8,600-year-old findings unearthed in western Turkey’s Ekşi Höyük

Published 21.08.2017 00:00
Updated 21.08.2017 16:08
Anadolu Agency Photo
Anadolu Agency Photo

Teams of archaeologists have been carrying out excavation work at one of the oldest settlements in western Anatolia, where they have unearthed findings dating back 8,600 years.

Professor of Archaeology at Aegean University and head of the Ekşi Höyük Excavation Board, Fulya Dedeoğlu told Anadolu Agency that excavations at the Neolithic mound began in 2015.

Located in Denizli's Çal district, the settlement of Ekşi Höyük has yielded findings that archaeologists say will shed light on the history of humanity.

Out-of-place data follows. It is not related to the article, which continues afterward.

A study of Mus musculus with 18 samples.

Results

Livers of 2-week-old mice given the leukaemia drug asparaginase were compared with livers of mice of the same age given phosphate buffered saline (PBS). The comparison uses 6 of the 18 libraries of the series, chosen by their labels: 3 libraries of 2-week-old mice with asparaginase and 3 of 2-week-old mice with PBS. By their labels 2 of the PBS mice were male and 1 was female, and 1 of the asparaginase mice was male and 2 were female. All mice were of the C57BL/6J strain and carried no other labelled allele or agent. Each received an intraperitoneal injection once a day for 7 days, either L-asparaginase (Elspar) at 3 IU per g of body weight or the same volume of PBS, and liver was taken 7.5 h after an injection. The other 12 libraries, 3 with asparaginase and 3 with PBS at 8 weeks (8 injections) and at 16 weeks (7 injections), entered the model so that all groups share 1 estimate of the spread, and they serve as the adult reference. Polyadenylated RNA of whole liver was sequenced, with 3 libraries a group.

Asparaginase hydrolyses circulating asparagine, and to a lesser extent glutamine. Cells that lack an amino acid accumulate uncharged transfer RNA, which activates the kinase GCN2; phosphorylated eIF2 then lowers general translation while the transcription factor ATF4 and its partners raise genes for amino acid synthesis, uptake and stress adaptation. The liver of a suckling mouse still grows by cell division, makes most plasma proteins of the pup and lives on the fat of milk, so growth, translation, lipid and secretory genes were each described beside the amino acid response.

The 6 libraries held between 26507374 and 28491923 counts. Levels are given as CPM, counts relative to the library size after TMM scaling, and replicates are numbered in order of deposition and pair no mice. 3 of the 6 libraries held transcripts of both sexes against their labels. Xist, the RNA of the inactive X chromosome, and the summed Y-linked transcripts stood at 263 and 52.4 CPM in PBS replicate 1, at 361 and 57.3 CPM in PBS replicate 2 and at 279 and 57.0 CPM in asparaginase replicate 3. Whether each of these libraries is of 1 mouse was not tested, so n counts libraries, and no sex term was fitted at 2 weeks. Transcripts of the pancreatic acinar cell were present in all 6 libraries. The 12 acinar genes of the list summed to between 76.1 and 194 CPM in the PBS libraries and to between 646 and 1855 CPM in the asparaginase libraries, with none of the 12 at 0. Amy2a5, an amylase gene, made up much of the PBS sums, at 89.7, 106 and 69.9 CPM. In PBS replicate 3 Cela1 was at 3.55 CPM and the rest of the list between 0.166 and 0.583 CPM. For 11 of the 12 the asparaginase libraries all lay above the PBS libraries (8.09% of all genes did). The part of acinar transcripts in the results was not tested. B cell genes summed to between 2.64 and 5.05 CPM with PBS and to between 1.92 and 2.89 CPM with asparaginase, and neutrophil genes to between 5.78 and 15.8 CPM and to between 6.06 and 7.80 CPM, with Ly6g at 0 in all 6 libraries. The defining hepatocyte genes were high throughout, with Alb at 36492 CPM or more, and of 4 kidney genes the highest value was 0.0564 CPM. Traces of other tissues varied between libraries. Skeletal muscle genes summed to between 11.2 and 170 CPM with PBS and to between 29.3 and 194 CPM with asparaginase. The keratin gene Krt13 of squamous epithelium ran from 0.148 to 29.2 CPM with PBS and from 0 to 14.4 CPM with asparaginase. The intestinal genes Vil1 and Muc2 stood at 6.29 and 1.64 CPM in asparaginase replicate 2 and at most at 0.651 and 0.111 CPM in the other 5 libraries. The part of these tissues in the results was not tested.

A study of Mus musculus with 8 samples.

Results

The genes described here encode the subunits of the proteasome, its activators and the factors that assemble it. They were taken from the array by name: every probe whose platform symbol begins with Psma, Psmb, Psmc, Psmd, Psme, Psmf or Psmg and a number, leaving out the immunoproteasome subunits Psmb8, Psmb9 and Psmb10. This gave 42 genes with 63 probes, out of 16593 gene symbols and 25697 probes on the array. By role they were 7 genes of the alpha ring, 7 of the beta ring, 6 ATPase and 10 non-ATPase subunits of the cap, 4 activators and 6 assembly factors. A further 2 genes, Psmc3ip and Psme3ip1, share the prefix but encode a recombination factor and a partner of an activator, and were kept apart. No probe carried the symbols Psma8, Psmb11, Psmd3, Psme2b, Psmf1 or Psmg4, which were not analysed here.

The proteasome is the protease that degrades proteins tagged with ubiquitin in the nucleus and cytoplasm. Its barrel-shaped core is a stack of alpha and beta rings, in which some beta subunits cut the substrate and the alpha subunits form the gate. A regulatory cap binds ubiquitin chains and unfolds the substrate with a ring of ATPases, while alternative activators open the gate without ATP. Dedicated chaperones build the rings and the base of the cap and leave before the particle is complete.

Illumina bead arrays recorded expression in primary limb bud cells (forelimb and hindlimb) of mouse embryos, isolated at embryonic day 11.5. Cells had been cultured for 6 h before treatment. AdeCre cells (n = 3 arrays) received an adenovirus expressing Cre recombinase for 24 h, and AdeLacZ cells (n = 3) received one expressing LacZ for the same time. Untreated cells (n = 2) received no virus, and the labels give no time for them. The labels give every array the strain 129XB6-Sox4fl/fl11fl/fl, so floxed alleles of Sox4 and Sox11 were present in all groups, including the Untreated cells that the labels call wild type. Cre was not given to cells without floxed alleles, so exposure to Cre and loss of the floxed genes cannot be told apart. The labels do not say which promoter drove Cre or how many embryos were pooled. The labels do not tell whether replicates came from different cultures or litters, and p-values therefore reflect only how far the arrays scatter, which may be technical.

Dedeoğlu explained that scientists were studying five distinct sets of human bones found at the site, "The skeleton of one male is quite big, and the skull is striking."

"After examining the materials excavated from the site, the tools people used, as well as the architectural foundations, we can easily say that this place was inhabited 8,600 years ago," she said.

However, Dedeoğlu added that there was a possibility the mound was used as far back as 9,000-10,000 years ago. "This is very exciting for scientists," she said.

Pamukkale, Koç, Trakya and Nevşehir Hacı Bektaş Veli Universities have been working in cooperation with Dedeoğlu and Aegean University to excavate the site.

Çal Mayor, Fethi Akcan, also expressed support for the 26-member excavation team.

Explaining that the team would continue work at another mound in Aşağıseyit district, Akcan said, "These excavations are important, not only for Çal, but for the whole scientific world and human history."